So long, farewell, auf wiedersehen, goodbye

With heavy hands, I type this, my last column for The Independent (although I have offered to be the occasional pinch writer if a column falls through). In my tradition of filling many roles, I have decided to fill the position of associate editor at a company in Chicago and will be embarking on a new path in the city.

In my last couple weeks at the paper, I’ve been mulling over what I won’t and what I will miss working at the paper.

If you ask anyone working for The Independent what they think I emphatically will not miss, one of their first responses undoubtedly would be our printer. The Konica Minolta bizhub c250 or, as I call it, Satan. For years, the printer has served as my personal nemesis, spurning many attempts to print something as simple as a double-sided 8 1/2-by-11 sheet of paper. The printer has been the subject of my numerous verbal and, in a few instances, physical attacks.

But, in a somewhat apropros twist of fate, several of the most expensive components of the printer broke several weeks ago. It was as if the infernal machine knew of my imminent departure and decided to admit defeat, frying its own brain.

Going along with the copier, I also will not miss my work computer. The graphics chip has slowly been eroding during the past several years, so different areas of the screen will become warped or turn to static or remain frozen in place while other areas are unaffected. Trying to work on a graphics document is like trying to put together a puzzle while the pieces constantly are moving — and you’re being spun around in circles.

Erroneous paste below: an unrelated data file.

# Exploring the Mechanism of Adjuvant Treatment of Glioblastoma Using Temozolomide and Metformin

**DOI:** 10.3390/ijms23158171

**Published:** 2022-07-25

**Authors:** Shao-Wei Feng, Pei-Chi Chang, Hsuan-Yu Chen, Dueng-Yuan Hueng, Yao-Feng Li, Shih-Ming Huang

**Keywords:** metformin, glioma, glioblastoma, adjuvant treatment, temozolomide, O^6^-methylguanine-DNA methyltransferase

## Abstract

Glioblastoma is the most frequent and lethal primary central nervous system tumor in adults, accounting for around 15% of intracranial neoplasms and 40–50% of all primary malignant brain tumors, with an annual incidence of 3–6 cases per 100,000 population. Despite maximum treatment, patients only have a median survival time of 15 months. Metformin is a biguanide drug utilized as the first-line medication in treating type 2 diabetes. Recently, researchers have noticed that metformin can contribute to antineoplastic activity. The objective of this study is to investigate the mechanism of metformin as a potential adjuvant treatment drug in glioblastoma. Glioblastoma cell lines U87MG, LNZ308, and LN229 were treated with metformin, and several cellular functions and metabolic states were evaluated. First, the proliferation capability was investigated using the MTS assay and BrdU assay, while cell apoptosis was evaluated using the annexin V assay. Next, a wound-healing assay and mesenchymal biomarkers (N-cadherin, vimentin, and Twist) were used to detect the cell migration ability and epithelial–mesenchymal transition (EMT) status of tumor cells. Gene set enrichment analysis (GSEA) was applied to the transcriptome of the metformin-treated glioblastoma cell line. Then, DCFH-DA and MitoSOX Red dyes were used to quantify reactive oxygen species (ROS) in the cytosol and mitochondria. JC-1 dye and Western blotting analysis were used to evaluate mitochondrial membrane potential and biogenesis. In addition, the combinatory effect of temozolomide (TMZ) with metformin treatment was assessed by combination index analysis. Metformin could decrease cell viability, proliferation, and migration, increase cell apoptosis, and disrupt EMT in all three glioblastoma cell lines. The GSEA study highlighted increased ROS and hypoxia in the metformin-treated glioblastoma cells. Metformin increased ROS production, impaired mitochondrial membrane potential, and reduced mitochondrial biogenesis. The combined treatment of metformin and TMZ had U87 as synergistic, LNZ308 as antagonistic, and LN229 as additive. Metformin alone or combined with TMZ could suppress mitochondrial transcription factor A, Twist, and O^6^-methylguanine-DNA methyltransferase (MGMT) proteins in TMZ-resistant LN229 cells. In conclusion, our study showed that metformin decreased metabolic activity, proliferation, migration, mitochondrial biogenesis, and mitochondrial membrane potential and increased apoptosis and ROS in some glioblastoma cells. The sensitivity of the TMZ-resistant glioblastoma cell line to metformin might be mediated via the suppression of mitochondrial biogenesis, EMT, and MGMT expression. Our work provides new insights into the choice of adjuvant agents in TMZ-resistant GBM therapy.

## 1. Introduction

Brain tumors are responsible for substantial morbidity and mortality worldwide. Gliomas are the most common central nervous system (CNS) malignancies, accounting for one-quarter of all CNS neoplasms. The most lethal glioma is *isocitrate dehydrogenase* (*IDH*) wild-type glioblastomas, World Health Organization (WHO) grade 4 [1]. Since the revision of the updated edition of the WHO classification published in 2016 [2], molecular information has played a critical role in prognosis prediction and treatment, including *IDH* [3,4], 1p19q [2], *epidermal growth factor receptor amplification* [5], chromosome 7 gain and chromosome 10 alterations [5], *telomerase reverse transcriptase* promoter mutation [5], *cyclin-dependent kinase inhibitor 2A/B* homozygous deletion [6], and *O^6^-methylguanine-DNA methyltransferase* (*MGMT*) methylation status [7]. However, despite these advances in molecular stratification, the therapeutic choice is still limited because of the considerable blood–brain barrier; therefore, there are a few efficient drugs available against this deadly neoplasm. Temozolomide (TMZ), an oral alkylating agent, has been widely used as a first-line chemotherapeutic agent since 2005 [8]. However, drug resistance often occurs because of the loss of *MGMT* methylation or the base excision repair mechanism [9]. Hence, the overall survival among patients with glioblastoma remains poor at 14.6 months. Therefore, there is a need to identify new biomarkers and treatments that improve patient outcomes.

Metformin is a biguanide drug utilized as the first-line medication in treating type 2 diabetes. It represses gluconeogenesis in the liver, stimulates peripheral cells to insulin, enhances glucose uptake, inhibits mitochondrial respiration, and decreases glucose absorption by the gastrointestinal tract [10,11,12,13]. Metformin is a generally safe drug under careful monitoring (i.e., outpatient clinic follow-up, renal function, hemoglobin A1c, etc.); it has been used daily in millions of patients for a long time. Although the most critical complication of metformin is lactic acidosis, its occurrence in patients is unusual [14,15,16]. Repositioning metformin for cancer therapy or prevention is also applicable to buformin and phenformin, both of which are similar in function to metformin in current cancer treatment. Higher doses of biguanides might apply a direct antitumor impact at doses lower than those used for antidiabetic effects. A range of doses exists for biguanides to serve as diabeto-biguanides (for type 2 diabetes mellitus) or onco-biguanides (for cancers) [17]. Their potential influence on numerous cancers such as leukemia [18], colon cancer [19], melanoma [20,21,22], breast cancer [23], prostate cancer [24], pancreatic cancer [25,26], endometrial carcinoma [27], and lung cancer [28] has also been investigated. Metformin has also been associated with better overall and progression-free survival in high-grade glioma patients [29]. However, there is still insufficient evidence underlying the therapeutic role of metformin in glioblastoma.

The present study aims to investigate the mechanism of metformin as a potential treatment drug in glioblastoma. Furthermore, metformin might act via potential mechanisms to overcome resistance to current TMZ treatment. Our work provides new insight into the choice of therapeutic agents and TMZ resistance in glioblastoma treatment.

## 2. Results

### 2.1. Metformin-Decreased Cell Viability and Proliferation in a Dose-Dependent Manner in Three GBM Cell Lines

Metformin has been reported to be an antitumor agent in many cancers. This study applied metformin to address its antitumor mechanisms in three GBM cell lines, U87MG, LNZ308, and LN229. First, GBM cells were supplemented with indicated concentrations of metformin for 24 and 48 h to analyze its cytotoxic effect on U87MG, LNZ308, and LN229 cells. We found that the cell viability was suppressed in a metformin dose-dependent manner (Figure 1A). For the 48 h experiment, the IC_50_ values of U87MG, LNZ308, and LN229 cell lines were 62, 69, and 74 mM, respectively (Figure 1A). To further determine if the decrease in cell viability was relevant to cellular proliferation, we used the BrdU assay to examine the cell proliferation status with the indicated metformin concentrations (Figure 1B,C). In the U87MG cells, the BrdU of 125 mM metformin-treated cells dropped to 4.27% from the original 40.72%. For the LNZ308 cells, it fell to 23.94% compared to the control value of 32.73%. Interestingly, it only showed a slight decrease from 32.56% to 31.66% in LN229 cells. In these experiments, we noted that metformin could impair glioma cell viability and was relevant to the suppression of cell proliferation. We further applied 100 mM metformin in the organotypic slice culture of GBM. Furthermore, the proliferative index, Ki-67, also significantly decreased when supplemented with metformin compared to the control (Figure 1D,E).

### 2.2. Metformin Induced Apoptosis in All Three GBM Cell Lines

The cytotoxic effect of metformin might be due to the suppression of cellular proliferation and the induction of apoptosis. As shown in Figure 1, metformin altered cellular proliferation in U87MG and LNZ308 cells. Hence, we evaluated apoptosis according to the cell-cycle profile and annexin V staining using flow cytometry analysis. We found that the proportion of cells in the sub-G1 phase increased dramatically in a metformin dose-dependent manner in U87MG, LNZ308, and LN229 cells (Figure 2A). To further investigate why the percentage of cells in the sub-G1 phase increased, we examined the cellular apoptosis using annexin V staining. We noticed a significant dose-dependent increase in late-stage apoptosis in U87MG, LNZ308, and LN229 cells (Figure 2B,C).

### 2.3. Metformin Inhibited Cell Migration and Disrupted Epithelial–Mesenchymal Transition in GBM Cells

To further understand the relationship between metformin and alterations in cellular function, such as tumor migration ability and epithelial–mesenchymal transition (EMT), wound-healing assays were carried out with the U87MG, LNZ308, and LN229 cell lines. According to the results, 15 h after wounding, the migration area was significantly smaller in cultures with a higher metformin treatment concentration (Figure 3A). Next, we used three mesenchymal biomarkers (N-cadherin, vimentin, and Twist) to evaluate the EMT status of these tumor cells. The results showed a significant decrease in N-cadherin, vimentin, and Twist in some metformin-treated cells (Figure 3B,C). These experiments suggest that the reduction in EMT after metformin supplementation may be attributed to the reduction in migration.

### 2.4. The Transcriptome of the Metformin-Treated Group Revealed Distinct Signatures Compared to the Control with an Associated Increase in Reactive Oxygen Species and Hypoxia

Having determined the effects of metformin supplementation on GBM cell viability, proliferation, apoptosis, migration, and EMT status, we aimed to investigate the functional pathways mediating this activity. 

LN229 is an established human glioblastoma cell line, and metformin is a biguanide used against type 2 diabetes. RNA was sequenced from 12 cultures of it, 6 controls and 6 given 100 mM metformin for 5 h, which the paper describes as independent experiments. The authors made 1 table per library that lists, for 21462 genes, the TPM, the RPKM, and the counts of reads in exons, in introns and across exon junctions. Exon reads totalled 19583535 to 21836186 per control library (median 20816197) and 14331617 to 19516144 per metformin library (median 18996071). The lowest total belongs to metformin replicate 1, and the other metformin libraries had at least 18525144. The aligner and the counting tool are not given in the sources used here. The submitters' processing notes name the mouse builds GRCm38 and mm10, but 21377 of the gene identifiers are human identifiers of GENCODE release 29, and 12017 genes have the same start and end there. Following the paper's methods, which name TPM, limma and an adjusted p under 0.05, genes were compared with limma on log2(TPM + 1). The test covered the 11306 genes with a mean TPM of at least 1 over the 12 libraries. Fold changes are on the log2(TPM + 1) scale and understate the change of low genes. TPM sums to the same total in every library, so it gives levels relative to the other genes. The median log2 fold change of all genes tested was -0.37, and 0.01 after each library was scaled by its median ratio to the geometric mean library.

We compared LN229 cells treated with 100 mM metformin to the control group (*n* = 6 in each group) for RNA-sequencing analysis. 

I also won’t miss our office bathroom — where anyone inside can’t hear what’s going on in the office, but everyone in the office can hear what’s going on in the bathroom. I won’t go into further detail.

While most of the things I won’t miss are technologically based, most of what I’ll miss is the people.

I’ll miss meeting people from all walks and professions in life and writing about them. Nothing is off limits when it comes to being a journalist — we can write about someone who’s built the world’s largest sand castle and someone who’s fought in Vietnam. I’ve interviewed both Santa Claus and bartenders. One of my most memorable projects was staying up all night with Mike Neumann and interviewing people who work the late-night and early-morning jobs.

Without a doubt, what I’ll miss most about The Independent is the friendships I’ve made during my three and a half years here. I’ll miss the inter-office rubber band fights. I’ll miss dressing up as an elf for our Christmas parties. I’ll miss Photoshopping Jay Schulz’s head onto different bodies for his birthday (although I may continue to do that after I’m gone).

So readers, I hope I’ve entertained you with my columns and informed you with my news stories — I’ve enjoyed the feedback I’ve received throughout the years. And I wish The Woodstock Independent the best of luck in the post-Leland-Humbertson era. See you out there.